Opinion | The Generational Split in How Asian-Americans See the Atlanta Shootings

My mother, who immigrated to America in the 1940s, assumed my siblings and I would never really be accepted as American. Partly this was because there were so few Chinese immigrants when she came. But also, it was a rough time for minorities. My parents’ response to my brother’s being beaten up, as he was just about every day in Yonkers, N.Y., was to sign him up for karate lessons. The world was like a forest full of bears. There was no forest ranger. You had to defend yourself.

Of all the figures who have emerged from the recent surge in anti-Asian violence, my parents would have most admired Xiao Zhen Xie of San Francisco. This 75-year-old, having been punched for no reason, picked up a wooden plank and hit her 39-year-old assailant so hard that he ended up on a stretcher.

That woman was “hen lihai” — fierce. And yet in his account of the incident, her grandson John Chen emphasized how terrified she was. Over and over, people speaking on behalf of Asian-Americans in recent weeks have described how fearful people are, how afraid to leave their houses. Hearing this, all I could think was, there has been a sea change. Young people seem to believe that there are forest rangers around who, if they don’t exactly care, can be made to care. To sympathize. To come and help. I can hear my parents’ voices and see their heads shaking: You know what they are, these young people? They are Americanized, that’s what. … You know what happens if you show you are afraid? You have even more attacks.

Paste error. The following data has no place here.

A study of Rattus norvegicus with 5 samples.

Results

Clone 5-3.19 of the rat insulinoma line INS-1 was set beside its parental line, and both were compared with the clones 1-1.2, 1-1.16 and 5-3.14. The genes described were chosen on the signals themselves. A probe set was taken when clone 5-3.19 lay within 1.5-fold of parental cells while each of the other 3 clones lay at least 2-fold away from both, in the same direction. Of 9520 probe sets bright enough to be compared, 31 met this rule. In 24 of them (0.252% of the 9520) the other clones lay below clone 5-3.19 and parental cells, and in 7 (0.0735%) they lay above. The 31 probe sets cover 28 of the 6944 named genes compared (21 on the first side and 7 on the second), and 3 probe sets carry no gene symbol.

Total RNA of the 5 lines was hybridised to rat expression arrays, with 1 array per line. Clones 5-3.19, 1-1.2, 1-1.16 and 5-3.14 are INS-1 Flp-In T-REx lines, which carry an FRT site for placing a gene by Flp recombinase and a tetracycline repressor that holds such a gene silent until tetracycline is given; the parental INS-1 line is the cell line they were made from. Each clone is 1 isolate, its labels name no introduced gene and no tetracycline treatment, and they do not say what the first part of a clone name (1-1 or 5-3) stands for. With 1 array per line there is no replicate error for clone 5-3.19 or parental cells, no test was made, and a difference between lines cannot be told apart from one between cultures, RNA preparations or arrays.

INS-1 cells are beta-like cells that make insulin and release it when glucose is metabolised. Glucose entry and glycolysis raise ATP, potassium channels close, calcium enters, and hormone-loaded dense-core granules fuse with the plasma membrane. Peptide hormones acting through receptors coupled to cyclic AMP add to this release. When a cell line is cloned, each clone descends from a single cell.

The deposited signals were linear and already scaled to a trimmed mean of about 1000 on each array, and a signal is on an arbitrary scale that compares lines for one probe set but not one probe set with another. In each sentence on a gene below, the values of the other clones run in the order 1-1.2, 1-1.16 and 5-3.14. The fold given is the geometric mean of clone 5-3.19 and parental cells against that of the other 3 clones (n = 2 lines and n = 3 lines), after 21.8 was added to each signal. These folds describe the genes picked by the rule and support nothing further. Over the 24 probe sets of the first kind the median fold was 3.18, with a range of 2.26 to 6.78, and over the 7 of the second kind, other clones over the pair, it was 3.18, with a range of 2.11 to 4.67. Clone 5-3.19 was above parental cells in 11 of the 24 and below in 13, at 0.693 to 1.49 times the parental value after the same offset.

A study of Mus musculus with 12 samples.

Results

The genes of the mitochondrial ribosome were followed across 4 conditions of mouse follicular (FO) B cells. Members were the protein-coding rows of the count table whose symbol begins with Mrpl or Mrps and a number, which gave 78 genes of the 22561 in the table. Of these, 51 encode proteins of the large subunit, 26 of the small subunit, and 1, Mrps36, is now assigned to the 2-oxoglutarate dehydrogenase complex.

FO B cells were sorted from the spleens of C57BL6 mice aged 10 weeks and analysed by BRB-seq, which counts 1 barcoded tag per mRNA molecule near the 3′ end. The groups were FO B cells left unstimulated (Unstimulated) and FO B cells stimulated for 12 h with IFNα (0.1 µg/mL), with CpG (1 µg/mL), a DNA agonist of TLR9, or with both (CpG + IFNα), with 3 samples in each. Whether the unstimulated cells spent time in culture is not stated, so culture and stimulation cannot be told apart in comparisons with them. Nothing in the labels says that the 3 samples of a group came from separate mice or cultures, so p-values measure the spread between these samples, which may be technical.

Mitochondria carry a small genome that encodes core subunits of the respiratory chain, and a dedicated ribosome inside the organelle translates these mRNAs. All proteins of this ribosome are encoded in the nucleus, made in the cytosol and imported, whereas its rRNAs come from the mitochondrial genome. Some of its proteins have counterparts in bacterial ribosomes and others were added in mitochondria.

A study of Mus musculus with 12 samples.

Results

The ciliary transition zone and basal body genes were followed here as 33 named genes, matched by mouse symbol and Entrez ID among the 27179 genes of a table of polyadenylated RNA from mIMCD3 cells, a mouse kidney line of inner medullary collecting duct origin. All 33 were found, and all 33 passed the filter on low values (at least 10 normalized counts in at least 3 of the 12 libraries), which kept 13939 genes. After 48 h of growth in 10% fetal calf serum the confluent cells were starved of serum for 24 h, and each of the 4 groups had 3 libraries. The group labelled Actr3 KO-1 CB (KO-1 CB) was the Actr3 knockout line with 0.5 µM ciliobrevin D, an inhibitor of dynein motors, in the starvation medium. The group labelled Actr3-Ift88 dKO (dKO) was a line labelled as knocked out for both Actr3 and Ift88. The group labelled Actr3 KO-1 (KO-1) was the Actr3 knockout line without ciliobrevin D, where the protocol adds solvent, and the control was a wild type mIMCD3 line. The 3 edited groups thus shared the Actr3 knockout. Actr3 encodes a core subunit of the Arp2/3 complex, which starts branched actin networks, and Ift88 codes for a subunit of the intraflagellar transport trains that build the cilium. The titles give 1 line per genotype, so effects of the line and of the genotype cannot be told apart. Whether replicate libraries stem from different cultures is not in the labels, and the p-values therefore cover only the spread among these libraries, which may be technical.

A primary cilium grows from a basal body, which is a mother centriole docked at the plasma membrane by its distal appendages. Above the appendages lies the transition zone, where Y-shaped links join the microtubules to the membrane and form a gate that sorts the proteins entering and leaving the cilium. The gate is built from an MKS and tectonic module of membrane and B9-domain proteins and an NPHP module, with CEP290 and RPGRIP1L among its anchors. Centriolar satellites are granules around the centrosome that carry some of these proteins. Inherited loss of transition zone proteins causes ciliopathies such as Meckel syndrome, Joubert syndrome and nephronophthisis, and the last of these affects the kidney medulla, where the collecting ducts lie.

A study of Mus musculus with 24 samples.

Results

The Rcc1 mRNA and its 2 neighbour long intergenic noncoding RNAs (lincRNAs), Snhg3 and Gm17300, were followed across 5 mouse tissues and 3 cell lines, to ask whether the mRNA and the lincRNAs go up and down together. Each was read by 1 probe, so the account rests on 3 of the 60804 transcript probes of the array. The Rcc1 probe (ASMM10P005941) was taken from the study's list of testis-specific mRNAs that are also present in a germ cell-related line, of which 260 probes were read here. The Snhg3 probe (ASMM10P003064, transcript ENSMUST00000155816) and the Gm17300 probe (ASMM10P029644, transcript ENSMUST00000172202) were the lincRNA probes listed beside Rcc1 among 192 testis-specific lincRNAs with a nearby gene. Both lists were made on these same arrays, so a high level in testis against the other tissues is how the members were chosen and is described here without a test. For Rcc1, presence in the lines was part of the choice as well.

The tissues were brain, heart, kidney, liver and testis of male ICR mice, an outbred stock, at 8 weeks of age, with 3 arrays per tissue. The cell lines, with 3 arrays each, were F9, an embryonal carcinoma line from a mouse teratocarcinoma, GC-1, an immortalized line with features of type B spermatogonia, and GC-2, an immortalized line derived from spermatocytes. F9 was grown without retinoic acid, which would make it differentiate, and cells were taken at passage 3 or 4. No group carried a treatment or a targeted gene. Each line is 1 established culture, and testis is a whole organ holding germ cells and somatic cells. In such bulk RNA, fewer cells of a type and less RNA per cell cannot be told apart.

Cynics equate “American individualism” with an “every man for himself” social Darwinism my parents would recognize. Idealists see it as an “every person counts” promise of respect and dignity: No one should be told to go back to where she came from or be accosted with “kung flu” comments. And certainly no one should have to fear being assaulted, much less killed, because of her race.

These two outlooks have long vied in the court of public opinion. With the killing of George Floyd, however, the idealists gained a decisive victory. His death made it clear, for those to whom it was not clear already, that the brutality and racism faced by Black Americans are an urgent concern for all Americans.

Now many Asian-Americans wonder: Will these horrific Atlanta murders prove to be a similar turning point? Will this country own the racism and misogyny behind the gunman’s targeting of Asian women? Will Americans finally see these problems as everyone’s problem? And, most important, will they ask what needs to change? As Randy Park, the 23-year-old son of one of the victims, Hyun Jung Grant, said, his question to the shooter’s family is, “What did you-all teach him?”

Right now, we Asian-Americans are proving to be a great test case of the question, “Is America America?” It’s a question at which my parents would have scoffed. Of course not, they would have said. And let me pay heartfelt tribute here to their self-respect and their resilience, which we would do well to retain. But the time has come not just to cope but to move the world forward. Can we? Americanized as I am — American that I am — I can only hope there are forest rangers around.

Gish Jen (@GishJen), a novelist and short-story writer, has written extensively about Asian-Americans. Her most recent novel is “The Resisters.”